St. Andrew’s Cross St. John’s Wort
Every time I (G. Rogers) think about St. John’s Wort my mind jumps to a business wonder. Near my parent’s home in Brevard NC is Gaia Farms CLICK where roadside weeds are spun into gold, or at least ground up and bottled. Lots of weeds, apparently lots of gold, and yes, Gaia carries one of the mainstays of herbal remedies, St. John’s Wort (Hypericum perforatum, a different species of Hypericum than today’s species).
Species of Hypericum as folk remedies date back into antiquity. Once upon a time back when spells and curses were pesky, Hypericum served as witch-repellent. In modern times we are more troubled by depression than hexes, and the herb sells as depression-repellent. Also there is interest in it as a potential antiviral drug. We do not have the expertise to pronounce on the efficacy or safety of Hypericum products, but we do have a strongly developed general skepticism of witch-cures.
Like many plants with a medicinal history, there is toxicity. These plants when ingested photosensitize the skin, making it susceptible to sun damage, potentially fatally so. There’s a nod to this in the Gaia instructions: “Avoid excessive exposure to UV radiation (e.g. sunlight, tanning) when using this product.” Hypericum species poison livestock, especially cattle.
All this medical schooling is a prelude to John’s and George’s opening-day-for-archery-hunting exploration of the Corbett Wildlife Management Area Hungryland Slough. We kept our heads down on the swamp boardwalk. Prominently in bloom was St. Andrew’s Cross, Hypericum hypericoides.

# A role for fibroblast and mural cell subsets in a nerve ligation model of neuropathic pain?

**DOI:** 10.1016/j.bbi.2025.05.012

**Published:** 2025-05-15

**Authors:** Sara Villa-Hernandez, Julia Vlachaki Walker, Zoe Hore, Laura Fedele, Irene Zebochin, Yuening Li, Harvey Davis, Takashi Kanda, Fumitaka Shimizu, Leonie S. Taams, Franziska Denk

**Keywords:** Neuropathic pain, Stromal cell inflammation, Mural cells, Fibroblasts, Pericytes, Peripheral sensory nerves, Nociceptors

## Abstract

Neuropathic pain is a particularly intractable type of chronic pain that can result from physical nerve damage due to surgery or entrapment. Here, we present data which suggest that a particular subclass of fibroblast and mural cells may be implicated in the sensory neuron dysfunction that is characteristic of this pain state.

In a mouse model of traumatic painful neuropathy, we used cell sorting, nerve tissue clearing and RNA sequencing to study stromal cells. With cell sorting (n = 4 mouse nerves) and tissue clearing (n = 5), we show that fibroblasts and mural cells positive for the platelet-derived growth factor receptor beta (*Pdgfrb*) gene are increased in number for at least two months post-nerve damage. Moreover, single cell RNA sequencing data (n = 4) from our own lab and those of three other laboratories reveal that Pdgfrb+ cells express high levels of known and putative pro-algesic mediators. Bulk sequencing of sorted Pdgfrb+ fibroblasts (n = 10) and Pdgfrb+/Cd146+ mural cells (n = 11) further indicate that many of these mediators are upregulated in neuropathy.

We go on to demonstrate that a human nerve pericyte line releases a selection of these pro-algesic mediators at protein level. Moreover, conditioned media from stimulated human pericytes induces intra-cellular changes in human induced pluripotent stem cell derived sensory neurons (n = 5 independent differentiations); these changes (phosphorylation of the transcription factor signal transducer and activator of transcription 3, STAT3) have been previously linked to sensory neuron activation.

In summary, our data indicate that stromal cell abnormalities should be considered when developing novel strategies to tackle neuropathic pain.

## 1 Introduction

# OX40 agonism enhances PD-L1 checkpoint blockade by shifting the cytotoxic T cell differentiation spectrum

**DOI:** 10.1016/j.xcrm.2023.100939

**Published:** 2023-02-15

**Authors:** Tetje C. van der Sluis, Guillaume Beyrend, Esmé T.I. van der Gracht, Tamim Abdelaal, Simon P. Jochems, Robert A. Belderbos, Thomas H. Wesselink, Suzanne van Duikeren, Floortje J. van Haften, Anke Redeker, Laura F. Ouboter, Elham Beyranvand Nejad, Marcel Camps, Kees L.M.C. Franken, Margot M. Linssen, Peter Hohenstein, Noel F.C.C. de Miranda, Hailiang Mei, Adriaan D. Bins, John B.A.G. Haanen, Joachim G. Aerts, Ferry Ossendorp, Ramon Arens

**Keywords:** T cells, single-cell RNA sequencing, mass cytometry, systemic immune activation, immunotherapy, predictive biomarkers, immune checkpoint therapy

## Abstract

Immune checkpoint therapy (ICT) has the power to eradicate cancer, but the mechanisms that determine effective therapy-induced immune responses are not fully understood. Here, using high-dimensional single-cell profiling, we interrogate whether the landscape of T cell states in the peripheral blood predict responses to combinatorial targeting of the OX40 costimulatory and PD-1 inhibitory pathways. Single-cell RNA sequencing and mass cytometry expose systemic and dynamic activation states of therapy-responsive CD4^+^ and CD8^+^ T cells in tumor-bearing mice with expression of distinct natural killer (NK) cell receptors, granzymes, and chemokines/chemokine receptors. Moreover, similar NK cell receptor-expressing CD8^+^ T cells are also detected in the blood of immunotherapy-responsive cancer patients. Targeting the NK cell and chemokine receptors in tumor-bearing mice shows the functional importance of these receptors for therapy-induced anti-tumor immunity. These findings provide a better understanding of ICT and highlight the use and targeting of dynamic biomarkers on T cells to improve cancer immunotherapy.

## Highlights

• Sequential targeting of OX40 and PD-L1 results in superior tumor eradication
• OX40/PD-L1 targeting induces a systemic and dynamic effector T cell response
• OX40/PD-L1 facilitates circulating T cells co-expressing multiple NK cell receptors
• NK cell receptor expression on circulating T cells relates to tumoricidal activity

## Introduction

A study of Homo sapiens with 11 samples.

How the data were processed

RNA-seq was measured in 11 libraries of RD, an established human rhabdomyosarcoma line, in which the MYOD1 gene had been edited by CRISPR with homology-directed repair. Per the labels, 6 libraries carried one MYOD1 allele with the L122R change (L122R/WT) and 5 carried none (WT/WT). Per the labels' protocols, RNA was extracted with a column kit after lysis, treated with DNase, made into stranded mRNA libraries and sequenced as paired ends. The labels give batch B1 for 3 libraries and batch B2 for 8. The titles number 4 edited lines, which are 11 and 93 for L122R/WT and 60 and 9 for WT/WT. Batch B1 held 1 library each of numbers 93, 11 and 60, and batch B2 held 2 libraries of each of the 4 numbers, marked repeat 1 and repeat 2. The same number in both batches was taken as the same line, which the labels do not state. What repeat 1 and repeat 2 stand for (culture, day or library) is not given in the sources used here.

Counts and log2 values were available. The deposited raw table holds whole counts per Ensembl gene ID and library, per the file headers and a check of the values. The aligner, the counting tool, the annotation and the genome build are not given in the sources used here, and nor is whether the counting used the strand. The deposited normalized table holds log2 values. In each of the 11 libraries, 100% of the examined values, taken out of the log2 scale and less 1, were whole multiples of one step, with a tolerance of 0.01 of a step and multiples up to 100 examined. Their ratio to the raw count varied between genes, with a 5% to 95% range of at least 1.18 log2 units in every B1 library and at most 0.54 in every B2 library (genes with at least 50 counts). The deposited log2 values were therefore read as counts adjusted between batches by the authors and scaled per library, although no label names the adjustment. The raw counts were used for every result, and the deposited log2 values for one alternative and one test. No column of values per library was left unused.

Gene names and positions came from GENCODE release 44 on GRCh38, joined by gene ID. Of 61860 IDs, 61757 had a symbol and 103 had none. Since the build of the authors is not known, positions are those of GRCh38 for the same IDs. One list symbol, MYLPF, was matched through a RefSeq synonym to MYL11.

Hypericum is a big genus of over 400 species, with a few dozen growing wild in Florida. Identification hints for St. John’s Worts generically are yellow flowers having 4 or 5 free petals and stamens that you can count. The opposite leaves are freckled underneath with tiny black or translucent spots as seen with a hand lens. One the more abundant species, dominating local “Hypericum marshes,” is Peelbark St. John’s Wort (H. fasciculatum), which has shredded reddish bark and five petals. Our own Hypericum hypericoides distinctively combines four petals with two styles in the flowers on a shrubby frame bearing sessile more or less elliptic leaves. (Our other locally present four-petal species have three styles.)
How did the common name for Hypericum hypericoides become “St. Andrew’s Cross,” while a separate species Hypericum crux-andreae (St. Peter’s Wort) seems to have a natural claim on the former name? Even with references to three different saints, you can’t fix the world in one blog. (This account comes from a collaborative effort by John Bradford and George Rogers. Saint John took the photo.)